Everhome Mtge. Co. v Pettit
2016 NY Slip Op 00088 [135 AD3d 1054]
January 7, 2016
Appellate Division, Third Department
Published by New York State Law Reporting Bureau pursuant to Judiciary Law § 431.
As corrected through Wednesday, March 2, 2016

 Everhome Mortgage Company, Respondent,
William E. Pettit et al., Appellants, et al., Defendants.

Ronald J. Kim, Saratoga Springs, for appellants.

Rosicki, Rosicki & Associates, PC, Plainview (Thomas C. Frost of counsel), for respondent.

McCarthy, J. Appeal from an order of the Supreme Court (Nolan Jr., J.), entered July 17, 2014 in Saratoga County, which, among other things, granted plaintiff's motion for summary judgment against defendants William E. Pettit and Susan A. Pettit.

In July 2006, defendants William E. Pettit and Susan A. Pettit (hereinafter collectively referred to as defendants) executed a note in favor of Opteum Financial Services, LLC that was secured by a mortgage on certain real property. In 2009, defendants ceased to make payments on the loan and subsequently defaulted. Plaintiff commenced the instant action for foreclosure in July 2010. In January 2014, plaintiff moved to, among other things, substitute EverBank—its successor—as plaintiff and for summary judgment against defendants. Defendants, among other things, cross-moved for summary judgment dismissing the complaint against them for lack of standing. Supreme Court granted plaintiff's motion and denied defendants' cross motion.[FN1] Defendants [*2]appeal, and we affirm.

Defendants' contention that plaintiff failed to prove as a matter of law that it had standing to foreclose is without merit. A plaintiff's standing is established in a mortgage foreclosure action "where it is both the holder or assignee of the subject mortgage and the holder or assignee of the underlying note at the time the action is commenced" (Chase Home Fin., LLC v Miciotta, 101 AD3d 1307, 1307-1308 [2012] [internal quotation marks and citation omitted]; see Deutsche Bank Natl. Trust Co. v Monica, 131 AD3d 737, 738 [2015]). However, "[o]nce a note is transferred, . . . the mortgage passes as an incident to the note" and, thus, "it is not necessary [for a plaintiff] to have possession of the mortgage at the time the action is commenced" (Aurora Loan Servs., LLC v Taylor, 25 NY3d 355, 361-362 [2015] [internal quotation marks and citation omitted]). Therefore, "the note, and not the mortgage, is the dispositive instrument that conveys standing to foreclose" (id. at 361; see Deutsche Bank Trust Co. Ams. v Vitellas, 131 AD3d 52, 59 [2015]).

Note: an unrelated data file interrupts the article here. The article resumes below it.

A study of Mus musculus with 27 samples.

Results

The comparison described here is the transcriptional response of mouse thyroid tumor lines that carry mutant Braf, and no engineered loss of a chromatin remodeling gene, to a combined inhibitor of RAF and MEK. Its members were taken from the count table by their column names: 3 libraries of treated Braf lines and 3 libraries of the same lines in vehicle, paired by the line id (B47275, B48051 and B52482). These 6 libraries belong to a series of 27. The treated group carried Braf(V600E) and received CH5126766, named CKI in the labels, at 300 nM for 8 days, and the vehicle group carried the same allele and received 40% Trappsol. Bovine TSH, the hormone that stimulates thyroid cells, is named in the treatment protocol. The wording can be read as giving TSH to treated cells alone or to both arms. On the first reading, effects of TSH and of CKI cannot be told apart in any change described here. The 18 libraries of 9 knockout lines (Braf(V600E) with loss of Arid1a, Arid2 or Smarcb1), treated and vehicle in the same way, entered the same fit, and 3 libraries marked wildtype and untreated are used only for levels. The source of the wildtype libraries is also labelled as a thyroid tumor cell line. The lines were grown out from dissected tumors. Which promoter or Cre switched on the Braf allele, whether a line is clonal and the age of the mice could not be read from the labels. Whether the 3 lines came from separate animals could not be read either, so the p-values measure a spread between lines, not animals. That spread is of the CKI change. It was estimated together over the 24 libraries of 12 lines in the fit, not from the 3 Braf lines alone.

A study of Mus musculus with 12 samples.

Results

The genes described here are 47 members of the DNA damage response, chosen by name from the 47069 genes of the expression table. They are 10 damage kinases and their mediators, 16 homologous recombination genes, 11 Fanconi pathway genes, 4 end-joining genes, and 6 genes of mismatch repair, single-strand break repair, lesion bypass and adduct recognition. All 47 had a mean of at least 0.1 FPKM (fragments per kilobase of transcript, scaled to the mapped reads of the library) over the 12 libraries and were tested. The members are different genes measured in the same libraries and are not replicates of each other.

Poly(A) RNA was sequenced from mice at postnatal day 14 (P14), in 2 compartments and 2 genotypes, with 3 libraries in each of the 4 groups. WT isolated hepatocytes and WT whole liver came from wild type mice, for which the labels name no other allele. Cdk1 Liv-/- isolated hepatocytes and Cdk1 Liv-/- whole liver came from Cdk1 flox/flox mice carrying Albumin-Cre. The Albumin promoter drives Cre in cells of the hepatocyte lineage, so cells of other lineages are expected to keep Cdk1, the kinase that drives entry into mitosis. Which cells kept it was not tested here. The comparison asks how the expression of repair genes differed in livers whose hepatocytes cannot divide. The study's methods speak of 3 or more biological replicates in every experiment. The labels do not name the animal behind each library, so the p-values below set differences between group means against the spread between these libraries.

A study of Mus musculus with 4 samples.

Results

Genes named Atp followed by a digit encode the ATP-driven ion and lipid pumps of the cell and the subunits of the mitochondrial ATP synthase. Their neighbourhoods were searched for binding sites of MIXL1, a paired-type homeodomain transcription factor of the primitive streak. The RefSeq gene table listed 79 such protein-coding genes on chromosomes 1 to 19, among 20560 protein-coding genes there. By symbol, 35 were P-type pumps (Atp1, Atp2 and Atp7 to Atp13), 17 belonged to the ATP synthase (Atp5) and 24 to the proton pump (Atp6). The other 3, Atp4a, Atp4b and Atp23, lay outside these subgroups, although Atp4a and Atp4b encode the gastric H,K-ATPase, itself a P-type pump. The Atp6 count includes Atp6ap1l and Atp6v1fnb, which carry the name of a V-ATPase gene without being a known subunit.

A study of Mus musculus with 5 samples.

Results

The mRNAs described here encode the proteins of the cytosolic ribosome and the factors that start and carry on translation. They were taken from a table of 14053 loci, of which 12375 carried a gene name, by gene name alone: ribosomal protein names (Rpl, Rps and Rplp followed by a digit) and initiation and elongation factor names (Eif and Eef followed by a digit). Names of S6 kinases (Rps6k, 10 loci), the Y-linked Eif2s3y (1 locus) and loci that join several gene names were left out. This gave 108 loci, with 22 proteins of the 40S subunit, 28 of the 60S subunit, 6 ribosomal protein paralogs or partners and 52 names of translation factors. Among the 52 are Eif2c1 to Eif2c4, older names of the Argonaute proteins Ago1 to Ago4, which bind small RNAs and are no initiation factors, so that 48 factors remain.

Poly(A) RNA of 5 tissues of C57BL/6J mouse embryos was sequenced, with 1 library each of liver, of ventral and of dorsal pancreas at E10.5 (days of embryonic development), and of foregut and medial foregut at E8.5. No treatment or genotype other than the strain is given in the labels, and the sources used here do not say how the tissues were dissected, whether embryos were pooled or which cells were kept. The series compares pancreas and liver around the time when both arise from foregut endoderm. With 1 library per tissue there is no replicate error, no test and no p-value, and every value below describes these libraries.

Plaintiff submitted, among other things, a copy of the original note and an affidavit from EverBank's vice-president, E. Michele de Craen. De Craen averred that, based on her personal knowledge of how loan records were kept and her review of the loan records for defendants, which were maintained by EverBank in its regularly conducted business activities, defendants executed and delivered the original note to Opteum Financial Services, LLC on July 18, 2006. De Craen further averred that the note was thereafter transferred to plaintiff on June 1, 2007 (compare Loancare v Firshing, 130 AD3d 787, 789 [2015]; Wells Fargo Bank, N.A. v Arias, 121 AD3d 973, 974 [2014]). According to de Craen, plaintiff continued to maintain the note and held it at the time that it commenced the instant action.[FN2] Given this competent evidence establishing transfer of the note and plaintiff's possession of it at the time of commencement, and further considering that defendants' submissions do not raise any material issues of fact, plaintiff established its standing as a matter of law (see Aurora Loan Servs., LLC v Taylor, 25 NY3d at 359-362; TD Bank, N.A. v Mandia, 133 AD3d 590, 591 [2015]; Wells Fargo Bank, N.A. v Rooney, 132 AD3d 980, 982 [2015]; HSBC Bank USA, N.A. v Spitzer, 131 AD3d 1206, 1207 [2015]; Deutsche Bank Natl. Trust Co. v Abdan, 131 AD3d 1001, 1002 [2015]; Loancare v Firshing, 130 AD3d at 789; Wells Fargo Bank, N.A. v Arias, 121 AD3d at 974). Defendants' remaining arguments are also without merit.

Lahtinen, J.P., Egan Jr., Lynch and Clark, JJ., concur. Ordered that the order is affirmed, with costs.


Footnote 1:Although Supreme Court's order granted plaintiff's request to substitute EverBank in place of plaintiff, the court did not amend the caption. Regardless, a successor corporation "is vested with all of the rights and powers of the merged corporations, and is considered to have been named in any document taking effect before the merger" (Barclay's Bank of N.Y. v Smitty's Ranch, 122 AD2d 323, 324 [1986]; see Banking Law § 602; see e.g. TD Bank, N.A. v Mandia, 133 AD3d 590 [2015]).

Footnote 2:Given that, in this case, de Craen's affidavit accounted for the chain of ownership leading to plaintiff's possession, and further considering the fact that defendants—who had been provided a copy of the note during discovery and more than a year and a half prior to plaintiff's motion for summary judgment—did not move to compel the production of the original note for inspection, the facts in this case do not raise the same issues that caused disagreement between certain members of this Court in JP Morgan Chase Bank, N.A. v Hill (133 AD3d 1057, 1057-1062 [2015]).